Two years after Paris, the UN enviro-crats continue their charade.
By Oren Cass
Good news is hard to find at this year’s United Nations climate conference in Bonn, Germany. Diplomats from nearly 200 countries have gathered to review progress made on the “historic” Paris climate accords, signed two years ago. But as the champagne-fueled self-congratulation of Paris recedes into memory, the agreement’s underlying fraud is becoming obvious.
Operating in this framework, countries have pledged very little.
None of this should be surprising, given what the Paris agreement actually contains, as opposed to how it was advertised. “This agreement is ambitious, with every nation setting and committing to their own specific targets,” President Obama said in 2015. That was then. Now, the New York Times explains, “many of the Paris pledges remain fairly opaque, and most nations have been vague on what specific policies they will take to meet them. There is no official mechanism for quantifying progress.”
In 2015, leaders signing the agreement felt confident that the momentum and good feeling of Paris would surmount the gaps between rhetoric and reality. The agreement, Obama said, “sends a powerful signal that the world is firmly committed to a low-carbon future,” which would help “unleash investment and innovation in clean energy at a scale we have never seen before.” But investors could read the agreement, too. Global clean-energy investment fell by 18 percent in 2016, the worst performance on record; in developing countries, the decline was 27 percent. And First World investment in Third World countries, considered critical to global progress, fell 26 percent.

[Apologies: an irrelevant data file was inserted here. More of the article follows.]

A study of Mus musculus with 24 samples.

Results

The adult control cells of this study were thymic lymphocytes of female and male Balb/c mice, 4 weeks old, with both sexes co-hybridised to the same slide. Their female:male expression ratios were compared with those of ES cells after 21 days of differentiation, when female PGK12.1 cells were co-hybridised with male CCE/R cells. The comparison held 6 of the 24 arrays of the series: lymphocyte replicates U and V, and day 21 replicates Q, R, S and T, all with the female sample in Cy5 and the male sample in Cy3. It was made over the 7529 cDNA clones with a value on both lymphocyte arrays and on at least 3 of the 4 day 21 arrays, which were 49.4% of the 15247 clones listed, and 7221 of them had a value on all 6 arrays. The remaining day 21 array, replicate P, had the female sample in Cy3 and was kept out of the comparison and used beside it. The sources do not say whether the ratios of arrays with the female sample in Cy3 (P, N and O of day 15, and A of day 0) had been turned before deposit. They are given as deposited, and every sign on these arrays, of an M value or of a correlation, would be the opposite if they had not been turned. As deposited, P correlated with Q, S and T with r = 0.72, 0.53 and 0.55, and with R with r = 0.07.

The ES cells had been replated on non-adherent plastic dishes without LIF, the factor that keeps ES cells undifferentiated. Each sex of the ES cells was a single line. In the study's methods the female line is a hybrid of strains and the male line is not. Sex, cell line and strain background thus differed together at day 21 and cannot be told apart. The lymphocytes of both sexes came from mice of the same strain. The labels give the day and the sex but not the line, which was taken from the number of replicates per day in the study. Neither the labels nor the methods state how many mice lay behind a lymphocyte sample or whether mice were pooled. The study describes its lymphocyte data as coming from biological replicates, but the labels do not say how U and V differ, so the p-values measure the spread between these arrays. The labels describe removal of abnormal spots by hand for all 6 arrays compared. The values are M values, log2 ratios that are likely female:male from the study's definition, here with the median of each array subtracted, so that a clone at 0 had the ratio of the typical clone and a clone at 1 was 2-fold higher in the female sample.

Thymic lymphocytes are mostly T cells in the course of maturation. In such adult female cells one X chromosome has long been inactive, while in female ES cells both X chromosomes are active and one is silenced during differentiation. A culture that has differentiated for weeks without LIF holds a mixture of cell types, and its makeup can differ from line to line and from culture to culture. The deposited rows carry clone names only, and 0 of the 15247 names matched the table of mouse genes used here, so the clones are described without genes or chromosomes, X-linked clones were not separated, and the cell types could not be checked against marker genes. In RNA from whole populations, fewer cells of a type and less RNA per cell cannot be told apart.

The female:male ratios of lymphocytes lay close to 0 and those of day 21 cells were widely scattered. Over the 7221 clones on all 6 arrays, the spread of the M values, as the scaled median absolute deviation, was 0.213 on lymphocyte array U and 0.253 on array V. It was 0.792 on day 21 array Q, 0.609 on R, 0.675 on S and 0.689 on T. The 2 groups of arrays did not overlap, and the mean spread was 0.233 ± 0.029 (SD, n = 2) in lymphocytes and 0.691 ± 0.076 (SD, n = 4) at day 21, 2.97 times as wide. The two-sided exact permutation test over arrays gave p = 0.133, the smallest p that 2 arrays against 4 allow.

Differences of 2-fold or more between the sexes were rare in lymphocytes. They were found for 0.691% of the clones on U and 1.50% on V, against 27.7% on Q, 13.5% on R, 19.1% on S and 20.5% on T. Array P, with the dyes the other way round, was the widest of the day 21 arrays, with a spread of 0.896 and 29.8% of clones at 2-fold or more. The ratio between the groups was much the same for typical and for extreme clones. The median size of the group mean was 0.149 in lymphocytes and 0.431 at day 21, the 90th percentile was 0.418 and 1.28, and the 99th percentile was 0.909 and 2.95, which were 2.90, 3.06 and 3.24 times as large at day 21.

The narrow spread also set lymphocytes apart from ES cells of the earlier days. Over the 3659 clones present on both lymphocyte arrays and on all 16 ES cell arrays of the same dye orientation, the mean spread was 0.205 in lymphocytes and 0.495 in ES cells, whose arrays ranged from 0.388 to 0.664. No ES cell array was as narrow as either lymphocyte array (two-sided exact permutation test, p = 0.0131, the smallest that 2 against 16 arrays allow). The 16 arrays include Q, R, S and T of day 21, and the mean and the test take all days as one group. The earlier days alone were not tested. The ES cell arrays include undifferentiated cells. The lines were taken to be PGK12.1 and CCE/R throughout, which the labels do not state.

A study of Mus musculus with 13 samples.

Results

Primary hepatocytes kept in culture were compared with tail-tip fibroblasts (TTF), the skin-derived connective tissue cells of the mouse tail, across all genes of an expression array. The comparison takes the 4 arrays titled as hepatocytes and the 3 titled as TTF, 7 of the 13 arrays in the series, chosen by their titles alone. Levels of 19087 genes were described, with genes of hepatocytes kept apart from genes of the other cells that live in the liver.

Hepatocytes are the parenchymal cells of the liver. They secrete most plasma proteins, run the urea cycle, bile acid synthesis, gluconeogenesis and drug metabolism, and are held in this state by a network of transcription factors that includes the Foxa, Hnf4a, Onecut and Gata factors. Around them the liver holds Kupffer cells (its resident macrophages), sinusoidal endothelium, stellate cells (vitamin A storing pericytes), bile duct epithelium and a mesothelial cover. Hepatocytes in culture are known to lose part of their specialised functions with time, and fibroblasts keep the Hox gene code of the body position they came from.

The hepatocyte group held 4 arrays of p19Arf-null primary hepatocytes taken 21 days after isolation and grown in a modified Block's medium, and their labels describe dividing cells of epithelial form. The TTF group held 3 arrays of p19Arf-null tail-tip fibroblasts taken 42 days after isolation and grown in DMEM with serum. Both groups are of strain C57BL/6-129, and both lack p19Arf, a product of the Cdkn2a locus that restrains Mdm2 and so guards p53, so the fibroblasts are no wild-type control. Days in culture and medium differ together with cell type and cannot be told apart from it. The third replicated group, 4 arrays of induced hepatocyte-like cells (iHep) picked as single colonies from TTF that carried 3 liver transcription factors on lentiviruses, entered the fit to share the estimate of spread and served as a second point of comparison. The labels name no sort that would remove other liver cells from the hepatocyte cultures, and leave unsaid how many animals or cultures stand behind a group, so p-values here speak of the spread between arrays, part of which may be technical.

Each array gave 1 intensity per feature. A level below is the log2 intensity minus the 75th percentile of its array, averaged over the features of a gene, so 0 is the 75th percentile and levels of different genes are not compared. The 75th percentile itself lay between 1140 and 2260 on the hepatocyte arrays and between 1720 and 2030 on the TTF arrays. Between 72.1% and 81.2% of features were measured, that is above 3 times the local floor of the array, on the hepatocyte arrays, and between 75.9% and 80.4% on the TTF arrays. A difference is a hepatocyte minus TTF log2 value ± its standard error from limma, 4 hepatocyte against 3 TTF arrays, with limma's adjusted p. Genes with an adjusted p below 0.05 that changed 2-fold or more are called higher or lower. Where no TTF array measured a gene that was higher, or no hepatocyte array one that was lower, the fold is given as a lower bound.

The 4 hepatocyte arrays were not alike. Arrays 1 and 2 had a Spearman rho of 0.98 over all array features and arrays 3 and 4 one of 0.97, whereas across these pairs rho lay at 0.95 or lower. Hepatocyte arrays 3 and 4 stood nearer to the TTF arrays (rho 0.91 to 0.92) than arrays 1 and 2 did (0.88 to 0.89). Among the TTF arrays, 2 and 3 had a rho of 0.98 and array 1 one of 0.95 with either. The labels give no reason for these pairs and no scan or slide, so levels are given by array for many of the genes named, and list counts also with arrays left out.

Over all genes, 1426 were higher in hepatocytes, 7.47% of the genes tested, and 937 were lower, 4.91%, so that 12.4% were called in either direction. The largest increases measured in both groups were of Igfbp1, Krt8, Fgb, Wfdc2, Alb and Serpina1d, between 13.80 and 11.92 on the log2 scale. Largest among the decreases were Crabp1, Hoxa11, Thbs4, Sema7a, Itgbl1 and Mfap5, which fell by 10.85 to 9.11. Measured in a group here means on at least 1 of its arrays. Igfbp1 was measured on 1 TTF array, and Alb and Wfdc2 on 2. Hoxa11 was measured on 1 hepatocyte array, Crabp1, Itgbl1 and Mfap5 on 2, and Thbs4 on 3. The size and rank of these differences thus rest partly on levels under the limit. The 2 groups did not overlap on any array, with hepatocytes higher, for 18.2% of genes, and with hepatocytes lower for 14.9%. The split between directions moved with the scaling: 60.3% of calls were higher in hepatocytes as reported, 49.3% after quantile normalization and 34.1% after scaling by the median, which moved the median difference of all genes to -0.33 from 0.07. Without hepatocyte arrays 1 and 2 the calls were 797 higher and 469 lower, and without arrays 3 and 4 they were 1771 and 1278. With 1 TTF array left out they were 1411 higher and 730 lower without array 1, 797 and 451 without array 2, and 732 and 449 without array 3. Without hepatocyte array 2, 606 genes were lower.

Apparently, the plan is to continue with the aimless plodding. One goal for Bonn is to finalize the “rulebook” under which countries voluntarily comply (or not) with their voluntary pledges. Another is to “tee up a ‘facilitative dialogue’ scheduled to take place in 2018,” reports the Washington Post. “The facilitative dialogue will be a preliminary assessment . . . So, expect the Bonn negotiations to produce a consensus on the structure of this first critical step.” Should next year’s facilitative dialogue fail to achieve its goals—whatever those are—a “global stocktake” is already calendared for 2020.
But all is not lost: Syria is finally on board. The war-torn failed state, the only nation yet to sign the Paris agreement, announced this week that it would do so. “With Syria’s decision, the relentless commitment of the global community to deliver on Paris is more evident than ever,” crowed the World Resources Institute’s Paula Caballero. “The U.S.’s stark isolation should give Trump reason to reconsider.” ThinkProgress, a website affiliated with the Center for American Progress, declared that “a country in the midst of civil war is doing better on climate change than the United States.”
Syria made no pledge, but pledges don’t matter anyway. Bashar al-Assad obviously has no interest in tackling climate change or reducing Syria’s carbon footprint—unless cutting his citizens’ energy supply or decimating the population counts for credit. But he signed; he’s playing the game. And he provided an opportunity to criticize Donald Trump. Isn’t that, after all, what action on climate change is all about?